Pet Health Care Article by Dr. B: pet bathing tips for your dogs
In twenty-seven years of veterinary practice, I have dispensed a lot of advice. Yet, I find myself returning time and again to a message that is so simple and basic, that to ignore repeating it would be the biggest disservice to my patients as well as my clients.
Two of the essential principles of pet ownership are to always apply common sense to any situation and to observe for cause and effect relationships. By utilizing this advice your stress level will be lower, your pet will be healthier and happier and your veterinary bills will be dramatically less.
For example, let us examine the issue of how often to bathe your dog. Very often I see clients who have been told by well meaning advisors that to subject their pet to any more than one or two baths a year would be harmful to the well being of the dogs skin and coat. When asked if they thought that the advice was correct most would reply that they had wondered about it but yet ignored their gut feelings and lived with their unwashed and odiferous companions.
In order to gently point out the error of their ways, I would ask about their own shampooing patterns. Most people would admit to washing their own hair several times a week. Why did they feel that to wash their dog even once per week would have a dire consequence??
Forty years ago the shampoos that were available for pets were essentially detergents that stripped the skin of dirt (which was good) as well as all the oils that were important for a healthy coat. Hence, the myth began that to bath a dog would lead to a dry coat. Over the years, the formulations of the shampoos changed and conditioning agents were added to the detergents thus allowing the skin to be cleaned without damaging the precious oils.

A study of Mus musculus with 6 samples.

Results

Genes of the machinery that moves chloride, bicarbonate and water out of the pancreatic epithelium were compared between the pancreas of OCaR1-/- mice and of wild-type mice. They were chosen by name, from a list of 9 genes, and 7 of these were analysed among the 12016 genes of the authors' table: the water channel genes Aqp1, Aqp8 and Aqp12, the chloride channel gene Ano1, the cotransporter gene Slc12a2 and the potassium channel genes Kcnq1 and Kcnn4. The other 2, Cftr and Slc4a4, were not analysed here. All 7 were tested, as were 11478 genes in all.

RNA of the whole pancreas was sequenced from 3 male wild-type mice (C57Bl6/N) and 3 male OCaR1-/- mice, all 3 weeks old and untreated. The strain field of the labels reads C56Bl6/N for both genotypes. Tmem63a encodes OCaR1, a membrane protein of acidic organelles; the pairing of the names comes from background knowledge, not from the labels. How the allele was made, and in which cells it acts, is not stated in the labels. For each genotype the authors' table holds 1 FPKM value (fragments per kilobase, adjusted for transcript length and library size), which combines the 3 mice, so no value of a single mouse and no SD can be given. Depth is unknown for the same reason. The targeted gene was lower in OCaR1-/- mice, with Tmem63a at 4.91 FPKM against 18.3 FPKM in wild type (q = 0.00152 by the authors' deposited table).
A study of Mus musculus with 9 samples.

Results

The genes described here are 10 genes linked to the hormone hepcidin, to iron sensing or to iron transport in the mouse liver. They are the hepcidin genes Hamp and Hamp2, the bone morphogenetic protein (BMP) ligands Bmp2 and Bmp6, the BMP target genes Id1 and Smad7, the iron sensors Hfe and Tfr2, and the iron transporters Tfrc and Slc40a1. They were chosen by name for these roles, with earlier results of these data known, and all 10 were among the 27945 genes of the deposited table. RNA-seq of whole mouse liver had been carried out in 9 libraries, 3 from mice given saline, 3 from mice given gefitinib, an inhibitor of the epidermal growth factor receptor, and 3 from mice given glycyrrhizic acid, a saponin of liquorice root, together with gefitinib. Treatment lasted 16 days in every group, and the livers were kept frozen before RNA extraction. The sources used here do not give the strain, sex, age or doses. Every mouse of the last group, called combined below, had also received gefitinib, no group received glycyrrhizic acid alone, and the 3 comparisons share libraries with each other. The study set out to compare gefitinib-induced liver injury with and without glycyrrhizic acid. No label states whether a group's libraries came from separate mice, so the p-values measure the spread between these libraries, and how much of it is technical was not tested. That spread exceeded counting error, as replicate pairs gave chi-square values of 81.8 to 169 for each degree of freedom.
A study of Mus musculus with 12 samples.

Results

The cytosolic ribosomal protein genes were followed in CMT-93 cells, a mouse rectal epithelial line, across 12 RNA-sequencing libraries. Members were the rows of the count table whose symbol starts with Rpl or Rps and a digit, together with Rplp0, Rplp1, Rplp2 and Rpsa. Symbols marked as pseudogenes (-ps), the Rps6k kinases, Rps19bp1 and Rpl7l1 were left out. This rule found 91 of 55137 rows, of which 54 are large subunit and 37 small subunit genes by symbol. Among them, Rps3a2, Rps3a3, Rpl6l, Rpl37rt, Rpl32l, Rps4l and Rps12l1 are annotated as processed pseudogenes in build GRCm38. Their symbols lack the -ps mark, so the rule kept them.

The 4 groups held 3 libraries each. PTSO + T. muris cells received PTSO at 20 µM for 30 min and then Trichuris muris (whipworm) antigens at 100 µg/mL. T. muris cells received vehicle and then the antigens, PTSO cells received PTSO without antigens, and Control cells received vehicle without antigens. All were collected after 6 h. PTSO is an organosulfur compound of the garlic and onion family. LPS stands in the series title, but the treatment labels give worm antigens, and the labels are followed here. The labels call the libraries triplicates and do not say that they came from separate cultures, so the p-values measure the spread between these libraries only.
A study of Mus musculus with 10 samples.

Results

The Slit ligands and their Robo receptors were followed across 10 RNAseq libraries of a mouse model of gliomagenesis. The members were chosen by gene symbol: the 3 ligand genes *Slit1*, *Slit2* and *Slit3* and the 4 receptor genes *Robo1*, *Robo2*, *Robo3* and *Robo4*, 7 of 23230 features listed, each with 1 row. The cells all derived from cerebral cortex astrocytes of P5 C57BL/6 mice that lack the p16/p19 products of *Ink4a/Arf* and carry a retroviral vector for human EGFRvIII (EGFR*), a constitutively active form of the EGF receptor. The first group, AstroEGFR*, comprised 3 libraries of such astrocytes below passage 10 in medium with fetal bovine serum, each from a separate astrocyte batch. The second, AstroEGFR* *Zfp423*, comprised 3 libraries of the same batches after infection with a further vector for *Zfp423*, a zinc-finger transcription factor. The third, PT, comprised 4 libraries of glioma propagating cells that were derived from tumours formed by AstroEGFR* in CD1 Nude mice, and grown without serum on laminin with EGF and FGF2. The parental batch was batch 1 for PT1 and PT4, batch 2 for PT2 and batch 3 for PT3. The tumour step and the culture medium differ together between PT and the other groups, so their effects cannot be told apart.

I tell my clients that ninety percent of the dogs could be bathed every day with ninety percent of the shampoos on the market without any problems, although I routinely recommend bathing every one to two weeks. But, here is where the cause and effect principle comes into play.
Bathing may not cure a skin problem but it should never make it worse. However, there may be times where a particular shampoo may cause a reaction particular to that individual. If you are observant enough to notice redness, flakiness or increased itching after a bath, don’t condemn the institution of bathing, just use a different shampoo.
Specific skin conditions often require specialized medicated shampoo. Consult with your local veterinarian for the professional advice, which will benefit your pet.